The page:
Without electrical juice controllers are just paperweights, and Sony and Microsoft continue to take dramatically different approaches to solving that problem.
Yesterday Sony revealed its PlayStation 5 controller: the DualSense. It’s chunkier than the current-gen DualShock 4 and comes loaded with a number of new features, including haptic feedback and a built-in microphone. People wasted no time swapping out the peripheral’s color scheme for something more elegant and vibrant, but on paper the changes all look like improvements over the existing DualShock. One question Sony didn’t answer, though, was how long the battery will last.
The DualShock 4 has a notoriously short battery life. One of the more common questions in the comment section of Sony’s blog revealing the DualSense was whether it’s improved on that key flaw. “Can we turn the light bar off?” was another. Players have long blamed the DualShock 4’s front-facing, color-coded lightshow for mercilessly draining the device’s energy. With the DualSense Sony’s kept the light bar but significantly reduced its surface area. Another thing it’s held onto is the built-in rechargeable battery design, introduced back in the DualShock 3.
A built-in, rechargeable battery seems an unremarkable choice, something we’ve grown accustomed to as our phones, tablets, and laptops all moved away from removable batteries. It’s also a choice that Microsoft didn’t make with its new Xbox Series X controller. Microsoft’s gamepad will still rely on AA batteries, or an external rechargeable battery pack players can buy separately. To me that seems like a backward-looking design at odds with the Series X controller’s strange new shape and next-gen power, and especially when compared to the futuristic-looking DualSense. But this strange move also has its defenders, something Microsoft has been quick to point out.
“What it comes down to is when actually talking to gamers, it’s kind of polarizing and there is a strong camp that really want AAs,” Jason Ronald, partner director of program management at Xbox, said last month in an interview with Digital Foundry over on Eurogamer. ”So just giving flexibility is the way to please both [sets of] people.”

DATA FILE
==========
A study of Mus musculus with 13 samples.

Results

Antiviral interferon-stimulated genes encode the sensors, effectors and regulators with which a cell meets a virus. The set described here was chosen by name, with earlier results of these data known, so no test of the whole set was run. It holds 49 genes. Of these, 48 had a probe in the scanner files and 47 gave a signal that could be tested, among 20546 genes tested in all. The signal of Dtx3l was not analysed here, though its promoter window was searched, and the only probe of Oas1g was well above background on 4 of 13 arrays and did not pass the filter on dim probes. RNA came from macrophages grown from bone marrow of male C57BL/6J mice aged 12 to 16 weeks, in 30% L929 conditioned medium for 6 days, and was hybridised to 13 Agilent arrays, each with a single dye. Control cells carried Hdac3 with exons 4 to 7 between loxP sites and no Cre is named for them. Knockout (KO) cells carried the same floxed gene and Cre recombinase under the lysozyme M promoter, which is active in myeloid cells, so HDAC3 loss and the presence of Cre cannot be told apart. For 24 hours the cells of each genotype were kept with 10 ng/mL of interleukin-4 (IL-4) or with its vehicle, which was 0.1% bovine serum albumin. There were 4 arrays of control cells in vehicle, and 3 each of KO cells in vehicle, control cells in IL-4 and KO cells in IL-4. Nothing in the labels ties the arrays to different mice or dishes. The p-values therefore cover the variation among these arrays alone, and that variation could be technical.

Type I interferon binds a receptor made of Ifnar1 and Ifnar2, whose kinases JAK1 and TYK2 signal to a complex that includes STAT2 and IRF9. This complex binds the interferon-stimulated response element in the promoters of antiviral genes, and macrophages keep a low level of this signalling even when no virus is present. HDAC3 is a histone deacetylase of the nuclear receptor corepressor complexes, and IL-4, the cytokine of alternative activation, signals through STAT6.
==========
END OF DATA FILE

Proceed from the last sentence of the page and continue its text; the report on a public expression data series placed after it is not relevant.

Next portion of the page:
If you ask me, this holdover from the Xbox 360 days isn’t archaic: It’s liberating. Sure, I’ve been known to complain (at length, even) about never seeming to have fresh AA batteries on hand when my Xbox controller dies. But when I do, it’s super nice to be able to just stick in new ones, or better yet a backup rechargeable pack, and immediately enjoy a full charge rather than having to spend the next few hours tethered to the console.
“Flexibility” may be a convenient talking point to mask a cost-saving measure, but it’s also a philosophy that comes through in the rest of Microsoft’s approach to the new Xbox controller. It iterates on the Xbox One Elite in the most subtle ways, and at first glance looks almost indistinguishable. As Digital Foundry pointed out, the real changes lay beneath the plastic. Microsoft says a new Bluetooth radio will help the controller connect more easily to devices that aren’t the Series X, while a better wireless interface will help reduce latency. Rather than be a bold new type of controller, it’s meant to play nice with as many current and future devices as possible.
It seems of a piece with the company’s growing emphasis on playing games anywhere, whether through the xCloud streaming service or because first-party series like Halo and Gears of War, which used to be exclusive to Xbox consoles, are now available on PC as well. Players desperate to get their hands on Halo Infinite won’t even need to buy an Xbox Series X since it’ll be on Xbox One as well, along with all of Microsoft’s other first-party games that land during the next-gen hardware’s first year.
That makes for a striking contrast with the picture Sony’s been slowly piecing together with the PS5, a next-gen console we still haven’t even seen yet. Last month, hardware architect Mark Cerny delivered an in-depth presentation on the technologies, from graphics processing to audio, that would make the PS5 feel like a truly next-gen games machine. While there’s still a lot we don’t know about the console, Cerny’s lecture was convincing enough to the technical experts at Digital Foundry, who called it “a vision for next-gen that recaptures some of the pioneering spirit of [Sony’s] early consoles.”
Of course the proof will be in the pudding as far as which approach works better, and for whom. In the past having to manage AA batteries has been a double-edged sword, but then again I’ve also spent far too many nights tethered to my PS4 via a five-foot micro-USB cord. Both solutions have their strengths and weaknesses like the consoles they’ll eventually come packaged with, showing that while Sony and Microsoft’s gamepads have homed in on a similar sweet spot of size and shape, they’re still emblematic of different plans for the future.